A senior HUD official Monday told more than 130 architects, engineers and planners that they must collaborate if they want to build stronger communities after superstorm Sandy.

Henk Ovink, senior adviser to HUD secretary Shaun Donovan, speaking at the New York Institute of Technology's Old Westbury campus, said, too, that it's critical for them to take the time they need with their plans.

"We need to go on sabbatical together," he said, adding later, "You are never on your own. Work collectively."

The NYIT workshop marked the second of four planned regional meetings organized by the American Institute of Architects and focused on Sandy recovery. The next will take place in May in Florham Park, N.J., and the last will be in 2015 in New York City.

Illya Azaroff, co-chair of the AIA Regional Recovery Working Group, said the region has an opportunity to define its future based on what it learned from superstorm Sandy, calling it "the imperative of the 21st century."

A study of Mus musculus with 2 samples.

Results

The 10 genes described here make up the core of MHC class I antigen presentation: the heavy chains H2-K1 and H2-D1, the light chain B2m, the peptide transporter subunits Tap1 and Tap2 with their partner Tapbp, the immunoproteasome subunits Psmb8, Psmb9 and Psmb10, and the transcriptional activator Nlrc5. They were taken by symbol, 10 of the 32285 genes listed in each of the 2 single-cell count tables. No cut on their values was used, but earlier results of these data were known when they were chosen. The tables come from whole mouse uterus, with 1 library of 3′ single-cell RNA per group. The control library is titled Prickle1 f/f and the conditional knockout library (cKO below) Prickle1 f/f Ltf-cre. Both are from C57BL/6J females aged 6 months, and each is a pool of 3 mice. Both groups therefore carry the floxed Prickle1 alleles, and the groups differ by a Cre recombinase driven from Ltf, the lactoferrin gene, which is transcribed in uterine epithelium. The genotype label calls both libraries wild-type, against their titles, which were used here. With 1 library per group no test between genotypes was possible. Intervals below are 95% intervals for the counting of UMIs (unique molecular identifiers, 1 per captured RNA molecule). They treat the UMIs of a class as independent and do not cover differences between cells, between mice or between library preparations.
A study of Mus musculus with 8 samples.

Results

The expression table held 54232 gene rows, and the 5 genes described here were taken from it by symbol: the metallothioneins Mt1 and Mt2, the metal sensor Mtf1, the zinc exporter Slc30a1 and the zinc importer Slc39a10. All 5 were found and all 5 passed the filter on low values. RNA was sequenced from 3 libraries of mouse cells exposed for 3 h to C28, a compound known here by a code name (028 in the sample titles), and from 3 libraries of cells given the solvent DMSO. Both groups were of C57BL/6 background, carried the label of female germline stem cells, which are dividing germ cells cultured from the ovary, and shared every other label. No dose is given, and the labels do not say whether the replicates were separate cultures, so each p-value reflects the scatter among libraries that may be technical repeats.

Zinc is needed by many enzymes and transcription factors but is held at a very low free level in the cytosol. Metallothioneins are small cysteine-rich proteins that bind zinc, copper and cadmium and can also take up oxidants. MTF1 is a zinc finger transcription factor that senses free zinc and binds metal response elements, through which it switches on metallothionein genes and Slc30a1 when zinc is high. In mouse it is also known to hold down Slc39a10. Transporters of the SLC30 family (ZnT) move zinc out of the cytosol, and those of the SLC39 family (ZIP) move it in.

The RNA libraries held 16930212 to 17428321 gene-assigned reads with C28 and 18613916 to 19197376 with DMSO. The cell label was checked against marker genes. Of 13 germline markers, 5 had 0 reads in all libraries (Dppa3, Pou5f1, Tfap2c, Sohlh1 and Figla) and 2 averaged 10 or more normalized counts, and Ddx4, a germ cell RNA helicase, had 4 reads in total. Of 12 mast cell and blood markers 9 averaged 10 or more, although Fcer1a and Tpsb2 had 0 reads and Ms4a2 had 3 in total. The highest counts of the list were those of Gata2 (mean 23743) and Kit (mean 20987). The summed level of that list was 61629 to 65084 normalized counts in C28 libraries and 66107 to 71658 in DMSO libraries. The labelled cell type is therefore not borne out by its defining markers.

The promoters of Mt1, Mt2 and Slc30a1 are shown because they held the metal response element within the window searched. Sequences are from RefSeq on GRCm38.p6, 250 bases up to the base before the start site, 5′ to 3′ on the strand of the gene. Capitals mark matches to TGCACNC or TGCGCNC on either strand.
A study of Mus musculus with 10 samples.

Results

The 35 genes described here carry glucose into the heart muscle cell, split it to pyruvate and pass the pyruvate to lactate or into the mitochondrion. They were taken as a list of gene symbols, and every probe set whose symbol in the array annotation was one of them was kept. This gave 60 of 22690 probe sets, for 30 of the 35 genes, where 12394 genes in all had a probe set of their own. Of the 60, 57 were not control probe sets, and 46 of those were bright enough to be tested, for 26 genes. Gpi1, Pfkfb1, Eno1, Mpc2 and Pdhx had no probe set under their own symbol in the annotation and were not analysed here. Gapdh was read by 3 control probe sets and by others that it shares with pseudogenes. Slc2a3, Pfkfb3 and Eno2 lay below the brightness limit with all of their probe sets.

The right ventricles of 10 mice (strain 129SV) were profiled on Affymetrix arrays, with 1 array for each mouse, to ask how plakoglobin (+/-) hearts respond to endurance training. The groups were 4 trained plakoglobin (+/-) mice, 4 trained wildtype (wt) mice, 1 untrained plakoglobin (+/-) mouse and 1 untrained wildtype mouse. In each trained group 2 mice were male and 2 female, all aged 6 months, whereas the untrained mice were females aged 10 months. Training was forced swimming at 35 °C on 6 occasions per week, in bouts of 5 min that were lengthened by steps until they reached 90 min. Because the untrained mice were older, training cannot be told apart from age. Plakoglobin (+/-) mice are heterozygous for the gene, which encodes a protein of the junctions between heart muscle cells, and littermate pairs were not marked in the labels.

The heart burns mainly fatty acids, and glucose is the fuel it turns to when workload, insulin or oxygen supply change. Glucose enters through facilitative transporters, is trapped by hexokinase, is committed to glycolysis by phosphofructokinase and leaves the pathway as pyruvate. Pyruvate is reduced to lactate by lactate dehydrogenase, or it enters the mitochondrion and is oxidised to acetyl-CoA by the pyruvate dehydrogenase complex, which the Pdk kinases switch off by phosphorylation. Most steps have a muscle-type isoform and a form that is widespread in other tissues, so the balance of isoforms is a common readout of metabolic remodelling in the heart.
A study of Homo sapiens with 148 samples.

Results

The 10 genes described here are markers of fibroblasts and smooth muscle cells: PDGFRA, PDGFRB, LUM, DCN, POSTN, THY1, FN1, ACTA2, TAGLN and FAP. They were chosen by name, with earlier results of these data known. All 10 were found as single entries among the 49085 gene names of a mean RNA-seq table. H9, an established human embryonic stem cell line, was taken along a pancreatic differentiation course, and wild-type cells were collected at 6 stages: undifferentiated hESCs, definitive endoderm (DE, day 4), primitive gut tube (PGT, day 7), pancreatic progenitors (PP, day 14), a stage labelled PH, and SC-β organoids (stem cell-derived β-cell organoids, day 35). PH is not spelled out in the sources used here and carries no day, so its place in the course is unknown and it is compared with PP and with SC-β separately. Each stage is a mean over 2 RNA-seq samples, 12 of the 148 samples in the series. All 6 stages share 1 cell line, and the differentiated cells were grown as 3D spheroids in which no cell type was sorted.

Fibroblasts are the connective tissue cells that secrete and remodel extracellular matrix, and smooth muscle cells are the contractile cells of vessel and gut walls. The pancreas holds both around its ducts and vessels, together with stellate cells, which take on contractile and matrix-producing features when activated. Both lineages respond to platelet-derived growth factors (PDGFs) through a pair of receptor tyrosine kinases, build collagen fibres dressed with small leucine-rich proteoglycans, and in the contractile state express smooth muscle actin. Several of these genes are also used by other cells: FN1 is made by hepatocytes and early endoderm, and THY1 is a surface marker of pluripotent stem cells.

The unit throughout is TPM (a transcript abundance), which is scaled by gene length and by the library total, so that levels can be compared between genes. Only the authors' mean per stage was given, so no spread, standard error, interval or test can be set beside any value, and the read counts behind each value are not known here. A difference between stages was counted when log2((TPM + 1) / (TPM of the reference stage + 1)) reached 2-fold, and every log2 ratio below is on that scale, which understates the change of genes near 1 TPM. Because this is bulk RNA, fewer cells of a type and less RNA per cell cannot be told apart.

Frank Mruk, associate dean of the School of Architecture and Design at NYIT -- which helped organize the event -- said he hoped the meeting would allow participants to share information across borders, geographic or professional.


Mruk added that Long Island's recovery efforts are being watched regionally and internationally. "There are an array of opportunities that can evolve from these problems," he said, including raising homes, building dunes and creating parklands in high-risk areas. He also advocates increasing population density in some parts of the Island while relieving it in others.

"Long Island is a unique laboratory," he said, referring to its long coastline. "No one has parallel exposure like that."


Horn currently works for the NYC Build It Back program and helped establish a grassroots committee of young architects from Long Island and New York City to identify long-term resilient building and design solutions. The group's 3C Comprehensive Coastal Communities global design competition collected 300 entries from 20 countries. They don't have the funding to make the plans a reality, but learned through the process what it takes to build better.

James Russell, a journalist who writes about cities and architecture, said it's hard for homeowners to plan before knowing what mitigation efforts will be made in their communities. Russell, a speaker at Monday's event, said "Long Island has to decide to take its fate into its own hands."